At the beginning of May, the government of Zimbabwe made a change to the way businesses are supposed to make conversations between Zimbabwean dollar prices (ZWL) and USD prices. Piro to the second week of May when president Mnangagwa announced his special economic measures, businesses were required to use the Auction rate when doing conversions between the USD and ZWL rate. A lot of formal businesses either set steep ZWL prices to comply with this order or defied the government and offered special discounts to customers who paid using USD. In our recent survey, however, we noted that a lot of formal businesses are now using the new official willing buyer willing seller rate.
The SI 127 of 2021 chaos
You see, according to various laws, businesses in Zimbabwe are supposed to display and accept both foreign currency and Zimbabwean dollars for their goods. That sounds fair, simple and sensible until you consider one thing. While they like to print money, the Zimbabwean government hates it when the rate rises unexpectedly as a result of their printing. They allegedly rigged the official rate under their famous Dutch Auction. While the market rate from which most people get their foreign currency kept rising, reflecting the rise in money supply, the official rate which businesses were mandated to use barely moved suggesting that the government had a hand in determining it. As the disparities grew wild and wide, with the official rate less than 50% of the informal rates, most businesses had tough choices to make:
- Whether to keep using the official rate or not. Informal businesses simply ditched the official rate and adopted the informal/unofficial rates. That is a luxury that formal businesses could not afford. The Reserve Bank of Zimbabwe threatened fire and brimstone would rain on anyone who defied them. Some businesses, probably those who are affiliated to powerful political figures, defied this and openly used black market rates.
- Most formal businesses simply chose to use the ZWL as their base currency. They would set ZWL prices secretly using black market rates. Customers would then pay these ZWL prices which if you used unofficial rates were not very different from those charged by “tuckshops” or informal businesses. Savvy black market traders would mill around the entrances of such supermarkets. They would offer to swipe at the point of sale using a very generous black market rate in exchange for USD cash. The shop gets ZWL officially but in the dead of night the black market trader would sell that USD back to the supermarket in exchange for the ZWL. In the morning the cycle would begin again. We are speaking in past tense but this is what is still happening.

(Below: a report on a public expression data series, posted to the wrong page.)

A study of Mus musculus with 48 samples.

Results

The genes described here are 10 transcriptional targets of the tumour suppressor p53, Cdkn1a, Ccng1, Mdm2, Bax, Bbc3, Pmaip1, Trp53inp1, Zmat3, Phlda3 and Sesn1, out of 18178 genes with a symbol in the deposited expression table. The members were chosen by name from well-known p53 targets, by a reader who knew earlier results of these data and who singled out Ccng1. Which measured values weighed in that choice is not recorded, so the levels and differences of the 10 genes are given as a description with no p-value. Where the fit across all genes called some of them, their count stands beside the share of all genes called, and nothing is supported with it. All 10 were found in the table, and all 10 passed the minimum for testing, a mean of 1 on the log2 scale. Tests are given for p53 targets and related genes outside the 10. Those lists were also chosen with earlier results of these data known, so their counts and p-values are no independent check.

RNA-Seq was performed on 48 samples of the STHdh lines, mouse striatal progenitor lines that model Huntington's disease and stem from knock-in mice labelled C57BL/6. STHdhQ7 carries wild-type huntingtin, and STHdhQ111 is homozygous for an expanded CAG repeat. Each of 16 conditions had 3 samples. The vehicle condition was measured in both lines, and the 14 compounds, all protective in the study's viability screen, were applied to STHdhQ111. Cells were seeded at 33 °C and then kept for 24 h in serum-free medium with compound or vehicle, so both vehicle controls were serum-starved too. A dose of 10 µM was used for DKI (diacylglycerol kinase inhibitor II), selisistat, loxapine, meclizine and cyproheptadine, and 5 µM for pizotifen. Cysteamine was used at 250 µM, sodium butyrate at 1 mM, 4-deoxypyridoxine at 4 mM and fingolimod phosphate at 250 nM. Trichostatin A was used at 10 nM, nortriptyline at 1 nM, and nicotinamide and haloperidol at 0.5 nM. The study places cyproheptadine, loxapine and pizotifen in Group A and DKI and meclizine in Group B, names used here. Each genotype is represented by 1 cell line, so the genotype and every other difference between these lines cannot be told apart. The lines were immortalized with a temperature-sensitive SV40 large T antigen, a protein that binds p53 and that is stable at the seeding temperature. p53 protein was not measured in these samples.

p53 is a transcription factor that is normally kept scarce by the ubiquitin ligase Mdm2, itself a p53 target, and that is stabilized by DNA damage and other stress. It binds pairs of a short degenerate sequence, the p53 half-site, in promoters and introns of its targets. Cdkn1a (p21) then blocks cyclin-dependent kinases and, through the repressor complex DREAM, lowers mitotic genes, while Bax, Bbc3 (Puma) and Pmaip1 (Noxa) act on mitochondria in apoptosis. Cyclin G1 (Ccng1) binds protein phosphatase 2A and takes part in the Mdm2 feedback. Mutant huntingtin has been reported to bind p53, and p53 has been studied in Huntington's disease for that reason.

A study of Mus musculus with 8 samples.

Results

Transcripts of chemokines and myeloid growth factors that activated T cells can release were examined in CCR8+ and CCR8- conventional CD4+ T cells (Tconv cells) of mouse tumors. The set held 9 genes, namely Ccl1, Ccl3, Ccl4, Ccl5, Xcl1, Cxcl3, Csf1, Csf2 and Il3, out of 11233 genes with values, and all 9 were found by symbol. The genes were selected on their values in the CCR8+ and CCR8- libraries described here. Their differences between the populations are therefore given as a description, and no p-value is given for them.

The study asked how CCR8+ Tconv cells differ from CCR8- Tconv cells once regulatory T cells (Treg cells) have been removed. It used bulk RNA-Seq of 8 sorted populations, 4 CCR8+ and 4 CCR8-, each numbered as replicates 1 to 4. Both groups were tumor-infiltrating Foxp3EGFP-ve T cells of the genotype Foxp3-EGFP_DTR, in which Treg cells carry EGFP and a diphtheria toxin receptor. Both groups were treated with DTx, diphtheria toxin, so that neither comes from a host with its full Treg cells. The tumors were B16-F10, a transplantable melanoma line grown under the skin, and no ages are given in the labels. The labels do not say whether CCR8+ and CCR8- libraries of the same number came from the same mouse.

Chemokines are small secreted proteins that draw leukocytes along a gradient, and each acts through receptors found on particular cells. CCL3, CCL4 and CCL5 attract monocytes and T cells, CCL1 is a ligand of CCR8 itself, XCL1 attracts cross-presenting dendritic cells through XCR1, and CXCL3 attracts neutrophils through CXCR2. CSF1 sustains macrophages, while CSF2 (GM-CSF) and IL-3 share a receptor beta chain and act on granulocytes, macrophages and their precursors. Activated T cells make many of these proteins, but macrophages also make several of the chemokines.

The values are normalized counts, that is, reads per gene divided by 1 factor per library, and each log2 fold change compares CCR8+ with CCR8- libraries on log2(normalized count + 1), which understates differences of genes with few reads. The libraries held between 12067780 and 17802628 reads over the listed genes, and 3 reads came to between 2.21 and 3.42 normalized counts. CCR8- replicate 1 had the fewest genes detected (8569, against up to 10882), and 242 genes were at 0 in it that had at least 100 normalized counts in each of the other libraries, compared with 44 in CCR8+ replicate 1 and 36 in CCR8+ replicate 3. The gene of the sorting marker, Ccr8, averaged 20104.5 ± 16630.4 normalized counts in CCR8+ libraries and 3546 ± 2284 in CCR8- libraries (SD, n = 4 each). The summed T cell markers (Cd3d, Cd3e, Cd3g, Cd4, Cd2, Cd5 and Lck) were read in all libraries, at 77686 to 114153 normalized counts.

Since the government announced the willing buyer willing seller rate in May we have seen a surge in businesses adopting this rate. This charge is led by supermarkets. The government said they would be allowed to charge around plus or minus 10% of the prevailing willing buyer willing seller rate of the day. This is what most supermarkets are doing. The trend is also the same with government-affiliated entities who are now using the same rate as well. So what have been the effects of these changes in terms of customer payment patterns?
- Customers who have USD still prefer to pay either discounted USD prices or be offered a black market ZWL price instead of paying prices at the still very low official rate.
- This means that black market dealers still buzz around supermarkets with their swipe cards offering sweet black market rates for those with USD. This means that supermarkets are still getting paid in ZWL instead of directly in USD
- When paying government agencies like ZESA most people still convert their USD at black market rates on the black market and pay using ZWL rather than pay directly in USD at the willing buyer willing seller rate.
- Informal businesses and other formal businesses like pharmacies where USD is critical have simply persisted with their black market rates and simply shrugged off all threats.
In conclusion, we can say that although businesses have stopped resisting the willing buyer willing seller rate, not much has changed with regards to the way people pay. Few people pay directly with USD in supermarkets. Perhaps the benefit at the moment is that through banks, supermarkets are getting slightly more USD at the willing buyer willing seller rate compared to what they were getting through the foreign currency auction. That might explain their willingness to cooperate with the government. Whatever shortfalls they have are naturally filled by buying from the black market as always. If there is an increase in USD obtained at willing buyer willing seller rates to businesses, this has not been reflected in prices with supermarket prices much higher than “tuckshop prices.”